Will the Rittenhouse Square illegal alien rape suspect cause Mayor Nutter to reconsider his order limiting Philadelphia’s cooperation with ICE?

Philadelphia police are charging an illegal immigrant from Honduras with rape, burglary, and other offenses related to the June 22 attack on a 26-year old woman in her Rittenhouse Square apartment. Milton Mateo Garcia, a/k/a Milton Garcia-Vazquez, was reported by U.S. Immigration and Customs Enforcement (ICE) to have been previously deported from the United States in June 2013.

That this deportee was able to illegally re-enter the United States and gain employment at three Philadelphia restaurants for several months is evidence of how open our borders are to illegal entry, as record numbers of unaccompanied minors, children, demonstrate that it’s literally child’s play to enter the United States illegally. It is evidence of how easily illegal immigrants are able to take jobs from U.S. citizens and help employers hold down wages for American workers.

Protecting the nation from illegal immigration is a federal responsibility shared by ICE and other federal agencies. When ICE learns that a state or local agency is holding an alien ICE is seeking to remove from the U.S., ICE issues a detainer requesting that the alien be held up to 48 hours, rather than released, so ICE can confirm the alien’s identity and take custody of the alien for removal from the United States. ICE has issued a detainer against Milton Mateo Garcia.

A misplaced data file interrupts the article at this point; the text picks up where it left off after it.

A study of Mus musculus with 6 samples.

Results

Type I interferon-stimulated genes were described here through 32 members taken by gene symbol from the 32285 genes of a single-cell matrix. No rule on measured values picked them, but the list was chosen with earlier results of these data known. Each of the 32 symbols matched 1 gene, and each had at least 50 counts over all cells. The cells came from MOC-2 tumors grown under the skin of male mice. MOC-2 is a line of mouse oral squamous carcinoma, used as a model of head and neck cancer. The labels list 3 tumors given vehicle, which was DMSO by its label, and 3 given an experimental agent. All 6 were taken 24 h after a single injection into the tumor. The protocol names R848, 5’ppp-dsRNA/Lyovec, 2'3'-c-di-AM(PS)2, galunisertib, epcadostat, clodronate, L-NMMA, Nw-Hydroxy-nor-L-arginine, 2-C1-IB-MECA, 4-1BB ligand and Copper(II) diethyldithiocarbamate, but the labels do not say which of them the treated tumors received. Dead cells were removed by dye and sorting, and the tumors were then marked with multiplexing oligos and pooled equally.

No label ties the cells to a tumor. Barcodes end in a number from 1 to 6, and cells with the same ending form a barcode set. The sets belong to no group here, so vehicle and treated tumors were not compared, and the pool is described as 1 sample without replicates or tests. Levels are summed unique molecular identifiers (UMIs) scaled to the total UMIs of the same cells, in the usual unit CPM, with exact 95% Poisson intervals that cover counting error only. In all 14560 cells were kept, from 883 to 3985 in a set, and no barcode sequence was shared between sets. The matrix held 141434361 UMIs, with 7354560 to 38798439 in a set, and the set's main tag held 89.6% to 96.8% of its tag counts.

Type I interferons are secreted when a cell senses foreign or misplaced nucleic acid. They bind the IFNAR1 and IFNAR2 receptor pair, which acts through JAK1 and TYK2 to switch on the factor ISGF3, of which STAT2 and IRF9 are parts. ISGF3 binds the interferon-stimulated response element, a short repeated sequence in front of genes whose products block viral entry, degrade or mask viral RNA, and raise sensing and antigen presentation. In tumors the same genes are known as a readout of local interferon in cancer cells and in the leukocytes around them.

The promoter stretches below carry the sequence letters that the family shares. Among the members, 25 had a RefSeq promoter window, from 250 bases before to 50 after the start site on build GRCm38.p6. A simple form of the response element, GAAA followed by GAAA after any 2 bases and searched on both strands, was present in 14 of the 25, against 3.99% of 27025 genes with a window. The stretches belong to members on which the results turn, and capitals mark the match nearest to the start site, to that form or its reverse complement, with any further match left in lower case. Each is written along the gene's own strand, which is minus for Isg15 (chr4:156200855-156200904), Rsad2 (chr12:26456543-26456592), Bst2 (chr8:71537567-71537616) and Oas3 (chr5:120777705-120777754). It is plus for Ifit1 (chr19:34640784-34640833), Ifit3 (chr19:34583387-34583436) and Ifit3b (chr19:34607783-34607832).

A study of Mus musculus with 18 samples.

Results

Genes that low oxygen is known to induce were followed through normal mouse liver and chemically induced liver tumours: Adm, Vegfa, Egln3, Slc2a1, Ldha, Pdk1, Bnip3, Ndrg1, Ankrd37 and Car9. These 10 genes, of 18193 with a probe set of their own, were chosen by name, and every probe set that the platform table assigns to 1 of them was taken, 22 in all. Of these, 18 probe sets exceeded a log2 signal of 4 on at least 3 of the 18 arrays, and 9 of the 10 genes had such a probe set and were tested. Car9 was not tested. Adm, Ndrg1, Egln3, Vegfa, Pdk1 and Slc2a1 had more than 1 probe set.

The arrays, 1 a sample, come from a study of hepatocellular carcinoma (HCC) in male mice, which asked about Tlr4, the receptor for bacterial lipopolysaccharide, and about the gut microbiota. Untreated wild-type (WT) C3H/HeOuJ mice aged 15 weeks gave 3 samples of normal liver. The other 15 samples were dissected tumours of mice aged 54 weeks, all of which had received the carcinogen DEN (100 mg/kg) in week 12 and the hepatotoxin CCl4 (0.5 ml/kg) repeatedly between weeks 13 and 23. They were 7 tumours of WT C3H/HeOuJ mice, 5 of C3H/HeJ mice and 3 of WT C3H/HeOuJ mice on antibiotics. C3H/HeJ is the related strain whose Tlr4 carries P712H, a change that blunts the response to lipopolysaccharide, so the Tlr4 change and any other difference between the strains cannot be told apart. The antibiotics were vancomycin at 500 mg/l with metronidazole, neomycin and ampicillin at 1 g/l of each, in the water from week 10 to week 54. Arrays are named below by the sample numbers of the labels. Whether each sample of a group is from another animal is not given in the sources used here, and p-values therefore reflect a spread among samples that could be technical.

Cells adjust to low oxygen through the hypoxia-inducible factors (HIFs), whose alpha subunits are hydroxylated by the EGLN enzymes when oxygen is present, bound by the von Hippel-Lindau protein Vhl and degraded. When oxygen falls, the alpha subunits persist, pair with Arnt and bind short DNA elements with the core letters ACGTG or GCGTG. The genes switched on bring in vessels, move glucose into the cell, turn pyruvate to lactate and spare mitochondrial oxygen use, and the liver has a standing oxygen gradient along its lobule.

But on April 16, 2014, Philadelphia Mayor Nutter signed an executive order directing city officials to refuse to honor ICE detainers unless all of four conditions are satisfied: First, the individual must have been convicted of a crime. Not just charged with a crime, however serious, but convicted of a crime. Second, the criminal conviction must be for a felony. Third, the felony must have involved violence. And fourth, and most importantly, there must be an outstanding judicial warrant for the detention.

So if Garcia is able to escape the charges against him, perhaps through a technicality like a defective warrant for the search of his residence, or a flawed Miranda warning preceding his confession, Philadelphia police will have to release him onto the street rather than honor the ICE detainer.

Even if Garcia is convicted and sentenced to prison, upon his release Philadelphia police may be unable to detain him for ICE as requested by the detainer. If Mayor Nutter’s executive order remains in effect, Garcia will be released onto the street unless ICE obtains a judicial warrant for the detention by state and local authorities, even though ICE is authorized to execute outstanding removal orders administratively without additional court action.

Of course Mayor Nutter will likely be long gone by the time either of those events happens. His executive order will remain in effect threatening the safety and security of Philadelphians unless reversed by the mayor or his successor. I appeal to Mayor Nutter to reconsider and rescind his executive order of April 16, 2014, and commit the city of Philadelphia to cooperate with ICE in enforcing the nation’s immigration laws.